ABI advice on what to do if you fall ill abroad
The ABI has issued advice to help the 18 million travellers expected to holiday abroad this summer cope with their worst holiday nightmare – falling ill overseas. Last year 3,689 British holidaymakers had a stay in an overseas hospital.
ABI figures out 04/07/2013 show that travel insurers helped on average 4,600 travellers a week who needed emergency medical treatment while abroad, paying out the equivalent of £4 million a week in medical treatment costs.
The ABI advises anyone travelling abroad to:
- Ensure you have travel insurance to cover the costs of any emergency medical treatment. Medical costs abroad can be very expensive. In Spain for example an overnight hospital stay to treat an allergic reaction can cost £3,000. In the USA, the medical bill for treating a broken leg can be around £40,000.
- If travelling in Europe have a valid European Health Insurance Card (EHIC). While this is not a substitute for having travel insurance, it is free and allows you to receive treatment from public hospitals in all European Economic Area countries and Switzerland on the same basis as a resident of that country.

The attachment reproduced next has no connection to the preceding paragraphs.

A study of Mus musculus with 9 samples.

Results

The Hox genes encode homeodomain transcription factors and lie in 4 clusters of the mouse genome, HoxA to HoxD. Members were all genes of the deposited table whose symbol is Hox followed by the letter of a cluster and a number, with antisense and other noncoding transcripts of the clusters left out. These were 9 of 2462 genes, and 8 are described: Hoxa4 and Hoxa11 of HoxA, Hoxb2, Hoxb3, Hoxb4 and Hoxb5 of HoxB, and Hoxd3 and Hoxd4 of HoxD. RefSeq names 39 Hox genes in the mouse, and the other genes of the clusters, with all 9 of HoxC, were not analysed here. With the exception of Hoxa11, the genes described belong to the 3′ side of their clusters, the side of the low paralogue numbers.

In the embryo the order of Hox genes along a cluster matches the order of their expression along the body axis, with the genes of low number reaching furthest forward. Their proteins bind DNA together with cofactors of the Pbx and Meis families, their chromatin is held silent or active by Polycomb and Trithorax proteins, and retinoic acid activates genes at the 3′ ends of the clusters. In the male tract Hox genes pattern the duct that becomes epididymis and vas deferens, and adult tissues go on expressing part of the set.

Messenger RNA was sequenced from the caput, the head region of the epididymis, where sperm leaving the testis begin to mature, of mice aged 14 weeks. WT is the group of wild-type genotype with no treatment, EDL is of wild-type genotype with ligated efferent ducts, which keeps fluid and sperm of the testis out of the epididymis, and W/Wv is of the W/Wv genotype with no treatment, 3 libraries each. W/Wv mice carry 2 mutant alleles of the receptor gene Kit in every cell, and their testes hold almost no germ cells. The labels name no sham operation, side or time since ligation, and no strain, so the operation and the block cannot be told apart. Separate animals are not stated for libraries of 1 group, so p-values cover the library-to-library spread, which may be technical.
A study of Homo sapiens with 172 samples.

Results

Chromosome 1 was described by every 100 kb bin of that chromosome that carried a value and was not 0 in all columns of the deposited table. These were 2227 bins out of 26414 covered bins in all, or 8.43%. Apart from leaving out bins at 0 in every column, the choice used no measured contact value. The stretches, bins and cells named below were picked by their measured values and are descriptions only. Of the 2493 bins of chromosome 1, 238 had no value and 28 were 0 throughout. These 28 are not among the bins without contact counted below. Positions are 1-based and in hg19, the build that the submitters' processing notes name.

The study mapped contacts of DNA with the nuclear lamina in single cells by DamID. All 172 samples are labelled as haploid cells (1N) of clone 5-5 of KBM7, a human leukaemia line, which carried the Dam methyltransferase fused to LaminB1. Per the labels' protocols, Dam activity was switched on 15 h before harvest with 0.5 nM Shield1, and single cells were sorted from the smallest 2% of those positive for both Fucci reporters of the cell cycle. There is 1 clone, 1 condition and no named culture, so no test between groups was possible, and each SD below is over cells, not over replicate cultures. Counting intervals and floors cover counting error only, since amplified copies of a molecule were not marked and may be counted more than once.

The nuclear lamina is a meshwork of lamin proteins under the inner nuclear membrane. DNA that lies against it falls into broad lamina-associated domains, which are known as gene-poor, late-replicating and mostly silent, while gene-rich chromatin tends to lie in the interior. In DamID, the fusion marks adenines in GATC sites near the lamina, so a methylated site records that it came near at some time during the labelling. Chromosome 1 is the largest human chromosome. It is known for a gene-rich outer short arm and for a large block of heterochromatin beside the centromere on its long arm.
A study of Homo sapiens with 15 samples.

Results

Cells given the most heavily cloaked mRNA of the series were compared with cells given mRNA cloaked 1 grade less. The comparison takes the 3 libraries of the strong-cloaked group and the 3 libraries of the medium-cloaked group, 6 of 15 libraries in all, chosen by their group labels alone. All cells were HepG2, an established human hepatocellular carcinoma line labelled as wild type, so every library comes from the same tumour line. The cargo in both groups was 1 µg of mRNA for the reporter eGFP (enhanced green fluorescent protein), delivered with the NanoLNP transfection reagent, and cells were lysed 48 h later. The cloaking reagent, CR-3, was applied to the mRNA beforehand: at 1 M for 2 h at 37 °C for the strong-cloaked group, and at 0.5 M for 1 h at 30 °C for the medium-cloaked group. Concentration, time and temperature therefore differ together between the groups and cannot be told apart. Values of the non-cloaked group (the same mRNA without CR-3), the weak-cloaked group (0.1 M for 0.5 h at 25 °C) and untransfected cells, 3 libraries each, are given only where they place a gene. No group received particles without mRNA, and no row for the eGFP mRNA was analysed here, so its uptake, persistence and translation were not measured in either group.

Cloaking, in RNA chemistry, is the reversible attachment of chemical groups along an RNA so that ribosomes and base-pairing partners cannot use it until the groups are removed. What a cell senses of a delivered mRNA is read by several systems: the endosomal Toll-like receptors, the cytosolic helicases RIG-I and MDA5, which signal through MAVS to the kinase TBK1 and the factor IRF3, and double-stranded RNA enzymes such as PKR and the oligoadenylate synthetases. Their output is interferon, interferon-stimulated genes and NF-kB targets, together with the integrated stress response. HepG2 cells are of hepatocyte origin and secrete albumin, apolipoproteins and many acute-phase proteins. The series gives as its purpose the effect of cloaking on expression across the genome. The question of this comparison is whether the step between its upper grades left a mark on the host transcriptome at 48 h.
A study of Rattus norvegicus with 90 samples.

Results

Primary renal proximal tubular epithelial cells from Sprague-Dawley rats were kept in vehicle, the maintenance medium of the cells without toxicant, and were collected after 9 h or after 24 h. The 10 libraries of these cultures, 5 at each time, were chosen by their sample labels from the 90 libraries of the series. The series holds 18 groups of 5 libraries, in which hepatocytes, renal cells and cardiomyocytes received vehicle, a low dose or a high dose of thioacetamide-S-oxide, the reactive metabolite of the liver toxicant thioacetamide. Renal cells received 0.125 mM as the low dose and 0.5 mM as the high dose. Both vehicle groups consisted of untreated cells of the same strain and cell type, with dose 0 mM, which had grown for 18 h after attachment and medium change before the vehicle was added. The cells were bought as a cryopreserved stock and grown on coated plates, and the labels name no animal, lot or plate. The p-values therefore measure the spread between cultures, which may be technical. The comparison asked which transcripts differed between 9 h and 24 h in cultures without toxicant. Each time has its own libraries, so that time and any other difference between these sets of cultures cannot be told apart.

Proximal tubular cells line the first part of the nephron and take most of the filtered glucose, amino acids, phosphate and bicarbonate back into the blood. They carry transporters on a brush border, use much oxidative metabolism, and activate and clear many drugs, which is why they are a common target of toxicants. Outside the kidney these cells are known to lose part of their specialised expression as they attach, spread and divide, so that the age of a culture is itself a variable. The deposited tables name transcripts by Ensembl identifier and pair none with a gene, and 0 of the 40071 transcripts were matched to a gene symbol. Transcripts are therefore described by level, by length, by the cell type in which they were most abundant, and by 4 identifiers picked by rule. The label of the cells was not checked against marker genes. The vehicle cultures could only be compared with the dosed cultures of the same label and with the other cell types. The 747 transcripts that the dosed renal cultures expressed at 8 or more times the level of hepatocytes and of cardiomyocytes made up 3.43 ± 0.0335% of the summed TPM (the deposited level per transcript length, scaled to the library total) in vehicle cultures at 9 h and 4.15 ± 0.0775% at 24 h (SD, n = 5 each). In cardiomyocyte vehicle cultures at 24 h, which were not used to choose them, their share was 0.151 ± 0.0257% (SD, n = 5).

- When travelling, take details of the emergency medical assistance company provided under your travel insurance. They should be your first contact point should you fall ill, will arrange for the right medical treatment and speak to the hospital and doctor on your behalf.
- If you are unable to speak to the medical assistance company first, if urgent then get to the nearest public hospital as soon as possible and contact your travel insurer as soon as you can.
- Contact the emergency medical assistance company provided under your travel insurance if you run into any problems with a hospital, such as acceptance of the EHIC.